Granddaughter of Holocaust Survivors Honored to Represent Israel at 2016 Olympic Games


Golfer Laetitia Beck will represent Israel at the 2016 Olympic Games. Photo: Wikimedia Commons.

Pro golfer Laetitia Beck said she is honored to have been selected to represent Israel at the 2016 Olympic Games in Brazil largely because of her grandparents, who survived the Holocaust.

“Everywhere I go, I want people to know where I’m from, my background and where my family came from because of the struggle they had to go through,” she told the Ladies Professional Golf Association (LPGA). “Every week when I play and I see the Israeli flag, it brings me a lot of pride and I think it’s because of what my grandparents had to go through. Not just them but everybody during World War II and the Holocaust. That brings me anger but what I’m trying to do is bring the anger and do something meaningful.”

Beck, 24, was born in Belgium to a traditional family that observed Shabbat and kept kosher. She said, “For me, it’s very important for people to know first that I am Jewish and that I come from Israel, and then next that I am a golfer.”


A two-time golf gold medalist (2009, 2013) at the Maccabiah Games, and five-time Israeli Open winner, Beck said she loves meeting different people and teaching them about her religion and race. The golfer called the Olympics the “biggest stage” yet for her, adding, “Hopefully, when it comes, I’m not going to be too nervous.”

Beck will walk with Team Israel at the opening ceremony of the Olympic Games, an experience she said she’s looking forward to.

“That’s a very important part for me. Just being with the team and standing with the Israeli flag when they announce it,” she said. “I don’t think I should carry it right now but in the future, I hope so. I’m so motivated when I see the flag. It brings me a huge smile…that’s a big reason why I do what I do. I want to do something to bring them [her grandparents] pride. I didn’t have to go through what they had to go through. I’m lucky to be where I am. I want to show people where I come from and what they had to go through.”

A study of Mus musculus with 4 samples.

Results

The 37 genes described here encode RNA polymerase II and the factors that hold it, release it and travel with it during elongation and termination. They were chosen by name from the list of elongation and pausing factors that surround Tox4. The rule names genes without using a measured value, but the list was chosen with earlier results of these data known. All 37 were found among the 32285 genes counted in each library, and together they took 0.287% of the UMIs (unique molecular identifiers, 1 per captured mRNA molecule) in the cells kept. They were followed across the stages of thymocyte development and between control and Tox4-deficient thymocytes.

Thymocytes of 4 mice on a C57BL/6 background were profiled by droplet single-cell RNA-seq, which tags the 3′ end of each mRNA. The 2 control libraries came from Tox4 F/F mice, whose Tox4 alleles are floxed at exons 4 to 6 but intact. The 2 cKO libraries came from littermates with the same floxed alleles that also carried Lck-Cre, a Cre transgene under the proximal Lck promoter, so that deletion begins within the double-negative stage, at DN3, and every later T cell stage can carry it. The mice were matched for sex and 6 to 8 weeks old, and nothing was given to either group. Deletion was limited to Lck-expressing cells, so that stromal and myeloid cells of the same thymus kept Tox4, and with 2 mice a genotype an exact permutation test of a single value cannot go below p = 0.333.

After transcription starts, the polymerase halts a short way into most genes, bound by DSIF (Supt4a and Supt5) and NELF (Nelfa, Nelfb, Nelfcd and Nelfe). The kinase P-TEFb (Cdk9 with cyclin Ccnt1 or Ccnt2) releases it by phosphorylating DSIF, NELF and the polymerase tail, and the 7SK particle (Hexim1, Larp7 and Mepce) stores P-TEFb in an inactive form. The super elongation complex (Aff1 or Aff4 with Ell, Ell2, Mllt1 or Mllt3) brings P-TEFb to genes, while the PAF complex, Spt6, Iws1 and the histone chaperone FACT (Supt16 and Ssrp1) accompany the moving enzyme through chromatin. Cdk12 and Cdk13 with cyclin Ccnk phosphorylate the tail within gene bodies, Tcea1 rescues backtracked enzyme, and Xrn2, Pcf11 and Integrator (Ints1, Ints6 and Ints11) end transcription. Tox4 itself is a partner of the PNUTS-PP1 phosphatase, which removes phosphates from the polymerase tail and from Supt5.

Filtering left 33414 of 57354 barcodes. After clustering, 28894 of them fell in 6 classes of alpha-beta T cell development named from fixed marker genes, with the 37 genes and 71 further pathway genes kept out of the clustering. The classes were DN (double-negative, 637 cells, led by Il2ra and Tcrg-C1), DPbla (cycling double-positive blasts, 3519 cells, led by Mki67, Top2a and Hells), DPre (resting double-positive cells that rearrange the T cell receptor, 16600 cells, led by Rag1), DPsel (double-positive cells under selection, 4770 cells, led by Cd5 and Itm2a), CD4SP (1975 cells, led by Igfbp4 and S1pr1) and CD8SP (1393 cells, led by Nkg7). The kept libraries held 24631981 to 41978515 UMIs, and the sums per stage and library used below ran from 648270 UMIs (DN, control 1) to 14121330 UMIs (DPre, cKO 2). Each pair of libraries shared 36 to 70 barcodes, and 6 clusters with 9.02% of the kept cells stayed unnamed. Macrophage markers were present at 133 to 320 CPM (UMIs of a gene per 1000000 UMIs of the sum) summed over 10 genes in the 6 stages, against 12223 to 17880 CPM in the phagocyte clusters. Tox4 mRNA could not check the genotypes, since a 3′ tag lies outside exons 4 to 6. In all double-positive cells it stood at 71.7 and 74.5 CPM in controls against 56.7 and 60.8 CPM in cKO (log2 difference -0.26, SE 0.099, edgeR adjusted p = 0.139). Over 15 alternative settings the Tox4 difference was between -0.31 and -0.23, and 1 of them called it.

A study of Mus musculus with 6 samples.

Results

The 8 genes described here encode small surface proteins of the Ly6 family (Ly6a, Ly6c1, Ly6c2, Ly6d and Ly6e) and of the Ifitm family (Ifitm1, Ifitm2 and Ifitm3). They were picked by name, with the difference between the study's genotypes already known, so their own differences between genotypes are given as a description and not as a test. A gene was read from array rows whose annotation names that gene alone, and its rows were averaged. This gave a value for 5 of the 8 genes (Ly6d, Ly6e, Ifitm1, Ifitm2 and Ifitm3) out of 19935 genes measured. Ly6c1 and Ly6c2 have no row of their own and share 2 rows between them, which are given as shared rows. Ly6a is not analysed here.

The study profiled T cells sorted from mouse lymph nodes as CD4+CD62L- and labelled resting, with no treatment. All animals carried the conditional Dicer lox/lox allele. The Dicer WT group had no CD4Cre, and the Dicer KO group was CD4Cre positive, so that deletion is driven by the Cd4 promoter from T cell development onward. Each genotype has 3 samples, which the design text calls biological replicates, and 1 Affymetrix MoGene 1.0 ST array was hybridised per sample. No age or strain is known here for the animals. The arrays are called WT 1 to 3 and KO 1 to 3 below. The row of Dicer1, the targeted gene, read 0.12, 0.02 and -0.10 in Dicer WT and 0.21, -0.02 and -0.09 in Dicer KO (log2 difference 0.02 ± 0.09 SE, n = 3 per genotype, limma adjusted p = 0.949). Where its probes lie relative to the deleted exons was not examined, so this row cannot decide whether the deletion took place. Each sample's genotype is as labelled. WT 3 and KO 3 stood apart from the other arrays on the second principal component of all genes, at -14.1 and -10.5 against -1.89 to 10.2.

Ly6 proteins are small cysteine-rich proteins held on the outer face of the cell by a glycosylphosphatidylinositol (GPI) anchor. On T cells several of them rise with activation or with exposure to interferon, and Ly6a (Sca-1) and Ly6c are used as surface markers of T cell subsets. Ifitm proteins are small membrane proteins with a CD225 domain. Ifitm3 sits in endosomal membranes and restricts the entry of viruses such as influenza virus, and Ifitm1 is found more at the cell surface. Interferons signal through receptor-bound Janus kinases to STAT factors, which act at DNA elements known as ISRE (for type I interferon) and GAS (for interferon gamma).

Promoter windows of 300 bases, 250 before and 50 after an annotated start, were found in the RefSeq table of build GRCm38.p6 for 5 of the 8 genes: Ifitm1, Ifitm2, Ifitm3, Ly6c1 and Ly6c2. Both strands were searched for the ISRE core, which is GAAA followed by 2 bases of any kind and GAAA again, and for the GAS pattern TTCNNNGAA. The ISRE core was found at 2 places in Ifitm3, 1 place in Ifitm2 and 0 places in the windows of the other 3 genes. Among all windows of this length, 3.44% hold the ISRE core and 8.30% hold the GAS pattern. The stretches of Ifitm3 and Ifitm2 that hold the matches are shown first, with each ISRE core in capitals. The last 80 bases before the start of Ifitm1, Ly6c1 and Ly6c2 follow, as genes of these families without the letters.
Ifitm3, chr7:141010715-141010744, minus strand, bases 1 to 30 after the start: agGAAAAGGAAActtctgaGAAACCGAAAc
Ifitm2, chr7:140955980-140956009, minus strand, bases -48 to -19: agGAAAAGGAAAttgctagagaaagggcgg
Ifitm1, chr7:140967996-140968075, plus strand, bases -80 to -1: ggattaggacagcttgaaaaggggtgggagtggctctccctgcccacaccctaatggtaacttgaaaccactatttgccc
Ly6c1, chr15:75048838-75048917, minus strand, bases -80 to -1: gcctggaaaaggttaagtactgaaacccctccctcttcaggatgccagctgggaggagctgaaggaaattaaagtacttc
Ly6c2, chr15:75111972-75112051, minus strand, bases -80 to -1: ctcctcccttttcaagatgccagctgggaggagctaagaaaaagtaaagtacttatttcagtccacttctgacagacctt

Bless you, Laetitia, we are all so proud of you.

  • Mort Gantman

    These responses are what I love most about the Jewish faith:

    One topic—100s of opinions!!

  • Just Goes to Show. The World Entire was not all lost. Though 6,000,000 Universes have perished, it is indeed remarkable that much can still emerge from the Horror, the Catastrophe, The Holocaust.

  • In talking about someone’s Jewish practices, why focus on and limit the discussion to holiday observance and kashrut? Why not mention important Jewish characteristics like honesty, being loving to one’s neighbor as oneself, respect, humility over pride, trying to make the world a better place in which to live, leading by example, avoiding covetousness, materialism, ostentation, and pretentiousness and being satisfied with what one has? This is what Judaism is all about; it’s not some ethnic group with arcane rituals and practices, as implied by citing holiday and kashrut observance and leaving it at that.

    • Michael

      Jay

      Why do you think that the long list of positive attributes is unique to Jews? Do you really believe that honesty, being loving to one’s neighbour as oneself, respect, humility over pride, trying to make the world a better place in which to live, leading by example, avoiding covetousness, materialism, ostentation, and pretentiousness and being satisfied with what one has is the essence of Judaism? I know some christians who would take issue with that.

      You believe that kashrut and shabbat observance are arcane rituals?

      You sir need to do some learning and studying. If only for the sake of your progeny who are almost certainly not going to be jews for many more generations. But you and your progeny are likely already lost as you do not seem to know what a Jew really is.

    • Rosa saposnic Chut

      You are completely right. We,jews, have very deep respect for life and the human been. Being or not kasher.

    • Mark

      Are you suggesting that “honesty, being loving to one’s neighbor, respect, humility, trying to make the world a better place…” is limited to Jews? I’m sure you’re not. In any case, the article doesn’t mention whether she keeps kosher or observes shabbat; it only says that her family did in Belgium.

    • Gregg Solomon

      Jay: Beautiful and a great point.

    • Rosa saposnic chut

      You are completely right. Observant or not ,kasher or not we, all the jews people ,have a big respect for life,for people and for God.